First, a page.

Groundbreaking Club Imperial Threatened

Groundbreaking Club Imperial Threatened

A developer is seeking approval to demolish the historic Club Imperial at West Florissant Avenue and Goodfellow. For decades George Edick’s Club Imperial was a cultural hotspot in North St. Louis where Ike Turner played live every Tuesday night to a crowd packed with dancers.

Ike & Tina Turner even recorded an album there. At a time when white agents frequently took advantage of black musicians, George Edick was an exception, opening doors for talent wherever he saw it. Ike and Tina, Chuck Berry — many musicians credit Edick for boosting their career. Ike and Tina continued to play the Imperial long after they hit it big — the only small venue they played. The Club was a center of cultural innovation in the city.

The two-story structure at 6306-28 West Florissant is constructed of brick, stone, and terracotta. Corinthian pilasters articulate the upper level. Coats of arms, an elaborate balcony, and rooftop urns embellish the facade. A marquee still juts out above the sidewalk.

Vroman Industries LLC is proposing to tear down the Club Imperial and replace it with a strip mall.

The club was built in 1928 as a dance hall and remained popular for half a century. Edick purchased the club in 1952 when big band was still king. KMOX’s Bob Hyland broadcast his weekly Coast To Coast with Bob Hyland from the Imperial. Musicians as diverse as Chuck Berry, Louis Prima, Dolly Parton, Jimi Hendrix, Glen Campbell and the Monkeys all played the Club Imperial in North City. This was a dance hall, and a style of dance — the Imperial — was named after the club. The club later became the center of swing dancing in the St. Louis region.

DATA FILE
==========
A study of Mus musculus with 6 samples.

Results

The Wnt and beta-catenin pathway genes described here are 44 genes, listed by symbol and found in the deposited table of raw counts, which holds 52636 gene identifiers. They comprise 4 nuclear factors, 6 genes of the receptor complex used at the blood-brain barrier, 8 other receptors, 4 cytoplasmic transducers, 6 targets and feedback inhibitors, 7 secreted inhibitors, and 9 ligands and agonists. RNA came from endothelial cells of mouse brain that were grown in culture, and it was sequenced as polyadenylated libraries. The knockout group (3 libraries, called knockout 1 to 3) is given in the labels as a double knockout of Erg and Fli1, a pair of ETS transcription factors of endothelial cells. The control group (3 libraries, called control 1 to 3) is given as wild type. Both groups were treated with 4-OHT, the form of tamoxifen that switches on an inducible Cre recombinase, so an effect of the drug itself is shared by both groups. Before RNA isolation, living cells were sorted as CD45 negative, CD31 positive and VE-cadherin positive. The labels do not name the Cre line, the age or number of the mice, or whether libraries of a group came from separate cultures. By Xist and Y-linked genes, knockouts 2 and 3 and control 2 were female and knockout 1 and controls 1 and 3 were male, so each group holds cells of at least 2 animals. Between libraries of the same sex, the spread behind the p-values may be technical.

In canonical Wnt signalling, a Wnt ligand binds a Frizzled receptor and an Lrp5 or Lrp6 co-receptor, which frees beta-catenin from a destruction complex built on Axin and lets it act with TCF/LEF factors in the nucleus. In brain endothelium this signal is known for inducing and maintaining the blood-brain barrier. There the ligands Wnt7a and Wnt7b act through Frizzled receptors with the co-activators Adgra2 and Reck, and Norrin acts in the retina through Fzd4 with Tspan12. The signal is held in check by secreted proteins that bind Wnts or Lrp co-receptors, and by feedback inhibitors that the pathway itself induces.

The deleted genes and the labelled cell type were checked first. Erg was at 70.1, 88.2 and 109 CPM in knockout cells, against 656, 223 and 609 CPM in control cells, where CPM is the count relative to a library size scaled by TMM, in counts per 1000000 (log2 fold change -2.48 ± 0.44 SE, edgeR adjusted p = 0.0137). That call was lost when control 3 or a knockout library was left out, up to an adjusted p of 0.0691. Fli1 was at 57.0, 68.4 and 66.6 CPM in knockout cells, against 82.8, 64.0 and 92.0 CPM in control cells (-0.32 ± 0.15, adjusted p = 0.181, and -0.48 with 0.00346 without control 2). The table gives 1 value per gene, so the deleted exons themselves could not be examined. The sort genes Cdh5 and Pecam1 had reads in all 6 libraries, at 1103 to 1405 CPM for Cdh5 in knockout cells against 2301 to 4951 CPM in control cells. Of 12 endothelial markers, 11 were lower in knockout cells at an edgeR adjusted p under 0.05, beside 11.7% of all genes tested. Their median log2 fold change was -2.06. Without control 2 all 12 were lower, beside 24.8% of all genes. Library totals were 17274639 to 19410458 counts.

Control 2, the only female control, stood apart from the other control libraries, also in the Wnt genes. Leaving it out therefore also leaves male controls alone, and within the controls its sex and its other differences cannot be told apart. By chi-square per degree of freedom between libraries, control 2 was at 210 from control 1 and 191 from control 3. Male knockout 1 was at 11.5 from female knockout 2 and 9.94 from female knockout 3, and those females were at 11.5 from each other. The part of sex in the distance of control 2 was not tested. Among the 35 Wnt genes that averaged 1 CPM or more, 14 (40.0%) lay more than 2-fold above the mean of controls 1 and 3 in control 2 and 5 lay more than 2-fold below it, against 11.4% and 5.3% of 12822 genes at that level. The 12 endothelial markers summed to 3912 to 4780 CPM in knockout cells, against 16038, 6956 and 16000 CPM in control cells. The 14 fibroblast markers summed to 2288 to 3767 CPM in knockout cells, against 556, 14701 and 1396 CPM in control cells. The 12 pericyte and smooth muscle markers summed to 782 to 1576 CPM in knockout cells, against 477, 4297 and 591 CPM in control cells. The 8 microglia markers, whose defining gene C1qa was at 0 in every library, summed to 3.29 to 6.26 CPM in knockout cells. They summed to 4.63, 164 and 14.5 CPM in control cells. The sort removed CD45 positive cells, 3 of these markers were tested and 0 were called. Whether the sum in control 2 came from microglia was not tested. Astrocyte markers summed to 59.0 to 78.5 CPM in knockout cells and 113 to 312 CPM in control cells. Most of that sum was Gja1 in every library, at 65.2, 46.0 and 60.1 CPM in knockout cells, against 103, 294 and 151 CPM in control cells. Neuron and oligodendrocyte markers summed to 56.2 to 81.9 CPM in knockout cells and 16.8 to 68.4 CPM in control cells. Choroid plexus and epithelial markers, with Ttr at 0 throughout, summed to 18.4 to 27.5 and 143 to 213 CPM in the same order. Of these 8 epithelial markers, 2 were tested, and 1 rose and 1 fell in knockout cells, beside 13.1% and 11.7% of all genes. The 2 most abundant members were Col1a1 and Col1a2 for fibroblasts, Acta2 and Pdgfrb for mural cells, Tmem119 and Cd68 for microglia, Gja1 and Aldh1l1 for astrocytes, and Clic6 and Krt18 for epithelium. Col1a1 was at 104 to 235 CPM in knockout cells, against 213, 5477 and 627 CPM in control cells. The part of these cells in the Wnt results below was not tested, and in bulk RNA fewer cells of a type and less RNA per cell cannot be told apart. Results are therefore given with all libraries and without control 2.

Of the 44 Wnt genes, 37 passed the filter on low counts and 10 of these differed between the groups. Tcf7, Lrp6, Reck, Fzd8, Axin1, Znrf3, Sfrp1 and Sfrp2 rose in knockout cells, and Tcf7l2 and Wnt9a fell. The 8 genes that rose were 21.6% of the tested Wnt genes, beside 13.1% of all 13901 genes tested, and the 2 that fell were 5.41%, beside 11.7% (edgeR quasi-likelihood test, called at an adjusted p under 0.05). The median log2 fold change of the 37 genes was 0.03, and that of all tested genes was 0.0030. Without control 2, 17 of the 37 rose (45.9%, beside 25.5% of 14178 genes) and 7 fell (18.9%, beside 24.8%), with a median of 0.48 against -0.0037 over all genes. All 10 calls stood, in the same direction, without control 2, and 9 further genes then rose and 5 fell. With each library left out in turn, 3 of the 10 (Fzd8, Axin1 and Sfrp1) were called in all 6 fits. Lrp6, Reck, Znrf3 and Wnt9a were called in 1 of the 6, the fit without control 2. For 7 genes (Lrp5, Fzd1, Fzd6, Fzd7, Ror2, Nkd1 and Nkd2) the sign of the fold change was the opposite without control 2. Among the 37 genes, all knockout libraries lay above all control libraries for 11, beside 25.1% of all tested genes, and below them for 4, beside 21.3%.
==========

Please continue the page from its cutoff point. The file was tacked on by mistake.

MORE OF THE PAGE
George Edick passed away at his home in Jennings in 2002, and the club has been used as a banquet hall with street-level retail since that time. Edick’s obituary in the Post-Dispatch read, “Mr. Edick operated The Roaring Twenties nightclub in Gaslight Square in the 1960s, but it was at the groundbreaking Club Imperial in north St. Louis where a swing-dance style originated and rock legends were launched.”

The club is in a preservation review district. The developer’s request for demolition goes before the Preservation Board at its public 4 p.m. meeting Monday, January 22 at 1520 Market Street, Suite 2000.